Gender & Identity, Life

Here’s what to do with your 24 hours in Córdoba, Spain

There is, in fact, too much to do in a day, but if I had to confine myself to a day here’s what I suggest doing.

Rick Steves is not kind to Córdoba. “Frankly, Córdoba is less interesting than the other two big Andalusian cities, Sevilla and Granada,” he states. In another part he suggests spending a whole day and two nights in the city, but also offers the option to “focus on the Mezquita: taxi from the station, spend two hours there, explore the old town for an hour… and then scram.”

Full disclosure, I just spent an entire semester in Córdoba, a small city in central-southern Spain. And of course I’m biased, but I think there’s a lot more to do in Córdoba than Rick Steves thinks. There is, in fact, too much to do in a day, but if I had to confine myself to a day here’s what I suggest doing.

Start at the Puerta de Almodovar. Córdoba is divided into two sections, the old Jewish section, and the modern city. The “door” or gate of Almodovar, named after one of the famous philosophers of the city.  is one of the few gates through the 12th century wall. Pass through here, and you’ll find yourself in the charming but labyrinthine Jewish quarter. Wander around, do some shopping, and try to find the Mezquita.

All European cities have a cathedral, but Córdoba’s cathedral, the Mezquita, is unique because it was carved out of the city’s mosque, built in the time when Córdoba was the capital of the Muslim world. You can still see the ruins of an old Roman and Visigothic temple, and wander through the mosque-like part before coming across the lavishly decorated cathedral.

Just past the Mezquita is another group of Córdoba’s monuments: the monument to the city’s patron saint, San Rafael, the unfinished triumph arch, and the Roman Bridge. Cross the bridge for a stunning view of the Mezquita, then re-cross it, surveying the ruins of the mills on the little islets in the river.

Next I recommend walking along the river to the Plaza del Pozo, or the Square of the Colt. If it’s late enough, or your stomach allows, an ice cream in the chocolate dipped cones at Buonissimo is delicious. Just off the square on the right side you’ll find two small museums. One focuses on Córdoba’s local artists (though unlike the US, the art goes back centuries and centuries), and the other on Julio Romero de Torres, Córdoba’s most famous artist. I loved seeing how he painted his beloved city into his paintings, and his ties with flamenco.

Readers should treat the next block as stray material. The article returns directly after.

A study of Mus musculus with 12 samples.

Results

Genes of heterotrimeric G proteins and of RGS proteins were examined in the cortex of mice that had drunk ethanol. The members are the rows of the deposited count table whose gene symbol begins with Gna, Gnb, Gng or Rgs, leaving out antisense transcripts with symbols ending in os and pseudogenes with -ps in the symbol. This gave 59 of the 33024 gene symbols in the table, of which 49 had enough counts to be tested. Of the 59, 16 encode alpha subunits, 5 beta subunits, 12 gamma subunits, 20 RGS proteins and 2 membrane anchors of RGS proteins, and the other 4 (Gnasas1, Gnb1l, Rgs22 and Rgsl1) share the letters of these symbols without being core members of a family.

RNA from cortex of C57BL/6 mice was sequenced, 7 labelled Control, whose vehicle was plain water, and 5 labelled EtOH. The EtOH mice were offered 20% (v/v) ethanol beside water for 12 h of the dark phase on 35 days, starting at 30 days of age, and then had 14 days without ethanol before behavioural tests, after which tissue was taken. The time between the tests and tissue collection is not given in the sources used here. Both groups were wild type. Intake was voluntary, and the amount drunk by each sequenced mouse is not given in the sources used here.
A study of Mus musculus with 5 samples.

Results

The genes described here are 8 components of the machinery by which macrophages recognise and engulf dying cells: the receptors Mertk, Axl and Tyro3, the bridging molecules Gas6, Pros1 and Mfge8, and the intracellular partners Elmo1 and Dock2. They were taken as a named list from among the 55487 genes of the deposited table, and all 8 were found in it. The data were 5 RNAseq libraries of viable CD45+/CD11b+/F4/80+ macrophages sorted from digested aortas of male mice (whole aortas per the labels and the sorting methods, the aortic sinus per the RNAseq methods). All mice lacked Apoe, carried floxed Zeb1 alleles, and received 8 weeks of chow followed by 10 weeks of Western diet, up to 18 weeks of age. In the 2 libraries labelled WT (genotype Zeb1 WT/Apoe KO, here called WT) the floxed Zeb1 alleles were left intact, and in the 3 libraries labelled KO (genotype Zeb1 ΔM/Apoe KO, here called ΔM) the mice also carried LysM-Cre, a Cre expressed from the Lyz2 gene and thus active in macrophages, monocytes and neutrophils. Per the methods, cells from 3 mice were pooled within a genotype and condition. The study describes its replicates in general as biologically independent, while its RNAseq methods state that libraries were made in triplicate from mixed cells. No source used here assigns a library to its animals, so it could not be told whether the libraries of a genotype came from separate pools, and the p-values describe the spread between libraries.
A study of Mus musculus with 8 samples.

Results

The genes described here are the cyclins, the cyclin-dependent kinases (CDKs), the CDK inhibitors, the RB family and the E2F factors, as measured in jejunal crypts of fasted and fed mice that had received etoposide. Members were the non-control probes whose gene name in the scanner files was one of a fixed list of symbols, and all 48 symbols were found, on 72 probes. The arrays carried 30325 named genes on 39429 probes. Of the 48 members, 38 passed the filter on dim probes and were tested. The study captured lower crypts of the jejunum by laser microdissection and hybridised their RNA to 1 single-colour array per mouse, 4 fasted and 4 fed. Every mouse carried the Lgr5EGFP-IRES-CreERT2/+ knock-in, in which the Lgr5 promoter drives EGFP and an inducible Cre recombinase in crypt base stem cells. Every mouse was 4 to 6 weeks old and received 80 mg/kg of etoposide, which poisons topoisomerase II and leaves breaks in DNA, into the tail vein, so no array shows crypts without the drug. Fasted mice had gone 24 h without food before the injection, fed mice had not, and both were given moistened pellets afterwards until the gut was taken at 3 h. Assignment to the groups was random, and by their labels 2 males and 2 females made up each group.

Once you’re finished with the museums leave the square from the north side, following the signs for something called Plaza de la Corredera. This quaint, colorful square has restaurants all around where you can stop for a snack or a drink if you need it. It’s also quite easy to get to the ruins of the Roman Temple from there. From there, it’s easy to find Plaza de las Tendillas. This is the center of the modern city.

If it’s lunchtime (aka around 2:30) I recommend Tavenra Salinas near the Tendillas Square. They have fairly cheap and very authentic food. My favorite dish? Berenjenas con miel, or fried eggplants with honey.

After lunch head to the northern part of the city, to the Palacio de Viana or the Palace of Viana. I found the indoor tour to be boring, but loved the outdoor courtyards, so I would recommend buying a ticket for those. Every May Córdoba holds a fierce competition for which house can best decorate their courtyard with flowerpots, and the gorgeously decorated spaces in this mansion are representative of this tradition.

If you can find your way back to the gardens of Victoria, I recommend walking along those. It’s probably evening, and you’re probably exhausted (especially if it’s summer and hot!), but if you can find Calle Lope de Hoces across the street along the right side of the gardens and follow it down there’s a lovely Alice and Wonderland themed café called Omundo de Alicia where you can stop to grab a drink, a pastry, and a break.

That finished, I would head further down the gardens and find the Puerta de Almodovar again. Keep heading along the wall, this time instead of crossing into the Jewish quarter, and look for the Alcazar de los Reyes Cristianos (or Castle of the Christian Kings). The “castle” itself isn’t that spectacular, but it’s fun to climb the tower for a panoramic view of the gardens and the Mezquita. The gardens are the real showstopper, though.

For dinner (which usually starts at 8:30 or 9), I recommend going back along the Gardens of Victoria to the Mercado Victoria. They offer a cheap bar, traditional appetizers, along with food from all over the world. Not to mention that in typical Spanish fashion they stay open pretty late, so you can stay out as late as you want.

  • Grace Ballenger

    Grace Ballenger is currently pursuing a BA at Wellesley College where she studies English and Spanish. One of her (too many) goals this summer is to make the list of musicals she wants to listen to shorter.